Tell Me When! How Bowl Size Impacts the Amount Children Request and Eat

Healthy Food Choices in Schools February 25, 2016 Print Friendly and PDF


What we know about portion size from previous studies:

  • Adults and children serve themselves portions that are relative to the size of the plate partially because of the Delboeuf illusion that makes a standard portion size look smaller on a large plate and bigger on a small plate. People tend to scoop more food onto bigger plates without realizing it (4,5,6).
  • Larger serving dishes and utensils also influence us to take more food (3).
  • Even food and nutrition experts who are aware of proper portion sizes are susceptible to big bowl illusions (1)!

A 2013 study from the Cornell Food and Brand Lab helps to give perspective on the extent to which size of a cereal bowl impacts how much cereal children request and how much they consume. The study sought to answer two questions: Does bowl size affect the amount of cereal requested among children and does larger portion size translate into higher consumption and waste?

What this study found:

To determine the effect of bowl size on amount of cereal requested, consumed, and wasted by children two studies were conducted. In the first study, 69 preschool aged children were randomly given either an 8 or 16 ounce bowl and asked to tell servers when the bowl contained the amount of cereal that they wanted for a morning snack. The bowls were measured and researchers found that in alignment with previous findings that children:

  • Requested about twice as much cereal in the larger bowls than smaller bowls.

The second two day study looked at consumption and waste. Eighteen school-aged children were randomly given either a small (8oz) or large (16 oz) bowl at breakfast one day and the opposite size the following day. As in the other study, participants were asked to notify servers when they received the amount of cereal that they desired. These slightly older children also requested over twice as much cereal in the larger bowls. Regardless of gender or BMI these children:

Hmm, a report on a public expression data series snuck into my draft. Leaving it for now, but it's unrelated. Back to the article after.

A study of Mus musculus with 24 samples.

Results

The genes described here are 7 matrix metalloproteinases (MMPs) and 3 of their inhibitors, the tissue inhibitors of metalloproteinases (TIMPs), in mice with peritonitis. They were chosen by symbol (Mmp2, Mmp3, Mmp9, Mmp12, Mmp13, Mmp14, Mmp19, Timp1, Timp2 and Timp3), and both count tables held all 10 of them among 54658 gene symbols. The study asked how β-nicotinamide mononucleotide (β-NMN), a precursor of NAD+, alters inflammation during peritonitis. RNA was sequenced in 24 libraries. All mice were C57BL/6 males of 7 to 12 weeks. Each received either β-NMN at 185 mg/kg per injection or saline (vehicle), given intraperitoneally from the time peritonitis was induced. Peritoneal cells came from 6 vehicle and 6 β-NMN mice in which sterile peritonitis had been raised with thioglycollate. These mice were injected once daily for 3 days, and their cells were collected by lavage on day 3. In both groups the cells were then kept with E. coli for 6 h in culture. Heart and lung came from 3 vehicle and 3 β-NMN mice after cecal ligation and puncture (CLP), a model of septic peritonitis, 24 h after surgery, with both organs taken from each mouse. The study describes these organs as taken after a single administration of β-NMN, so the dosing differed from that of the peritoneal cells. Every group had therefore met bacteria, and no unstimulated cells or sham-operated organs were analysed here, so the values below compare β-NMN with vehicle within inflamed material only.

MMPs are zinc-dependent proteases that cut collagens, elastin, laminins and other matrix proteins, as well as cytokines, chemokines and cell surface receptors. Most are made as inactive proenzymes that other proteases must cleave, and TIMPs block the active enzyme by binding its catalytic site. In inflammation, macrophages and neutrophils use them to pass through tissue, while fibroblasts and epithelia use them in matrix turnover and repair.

• Consumed 42% more cereal from the large bowl vs. the small bowl
  • Wasted 26% more cereal when give the large bowl vs. the small bowl

Children in this study were also asked to indicate what size bowl they used at home from a selection of various sized bowls to determine the average bowl size that they normally eat from at home. The average bowl size that children reported using at home held 19.2 ounces (2)! According to the Academy of Nutrition and Dietetics one serving of cereal, before adding milk should be about 1 ounce.

What we can take away from this study:

Children unintentionally request more cereal in larger bowls indicating that they use the bowl as a reference for how much food they want. To combat this bowl size trickery:

  • Purchase smaller bowls! An eight ounce bowl will hold a full serving size of most cereals.
  • If new bowls are not an option, measure out the cereal before putting it into the bowl to maintain portion size despite the size of the bowl.

Follow these easy tips and your children may consume fewer unneeded calories and your cereal may even go farther! 


Contributor

Katherine Baildon, Cornell Center for Behavioral Economics in Child Nutrition Programs

Sources

  1. Painter, James E, Van Ittersum, Koert, and Brian Wansink. (2006). Ice Cream Illusions: Bowls, Spoons, and Self-Served Portion Sizes. American Journal of Preventative Medicine, 31(3), 240-243.
  2. Payne, C.R, K. Van Ittersum, K. and B. Wansink. (2013). Larger Bowl Size Increases the Amount of Cereal Children Request, Consume, and Waste. Journal of Pediatrics, 164(2), 323-326. 
  3. Shimizu, Mitsuru, Ellen Van Kleef and Brian Wansink. (2012). Serving Bowl Selection Biases the Amount of Food ServedJournal of Nutrition Education and Behavior, 44(1), 66-70.
  4. Wansink , Brian, and Koert Van Ittersum. Do Children Really Prefer Large Portions? Visual Illusion Bias Their Estimates and Intake. Journal of the American Dietetic Association. (2007): 1107-1110.
  5. Van Ittersum, Koert, and Brian Wansink. (2012). Plate Size and Color Suggestibility: The Delboeuf Illusion’s Bias on Serving and Eating Behavior. Journal of Consumer Research, 39(2), 215-228.
  6. Van Ittersum, Koert and Brian Wansink. (2006). The visual illusions of food: Why plates, bowls, and spoons can bias consumption volume. FASEB Journal, 20(4), A618.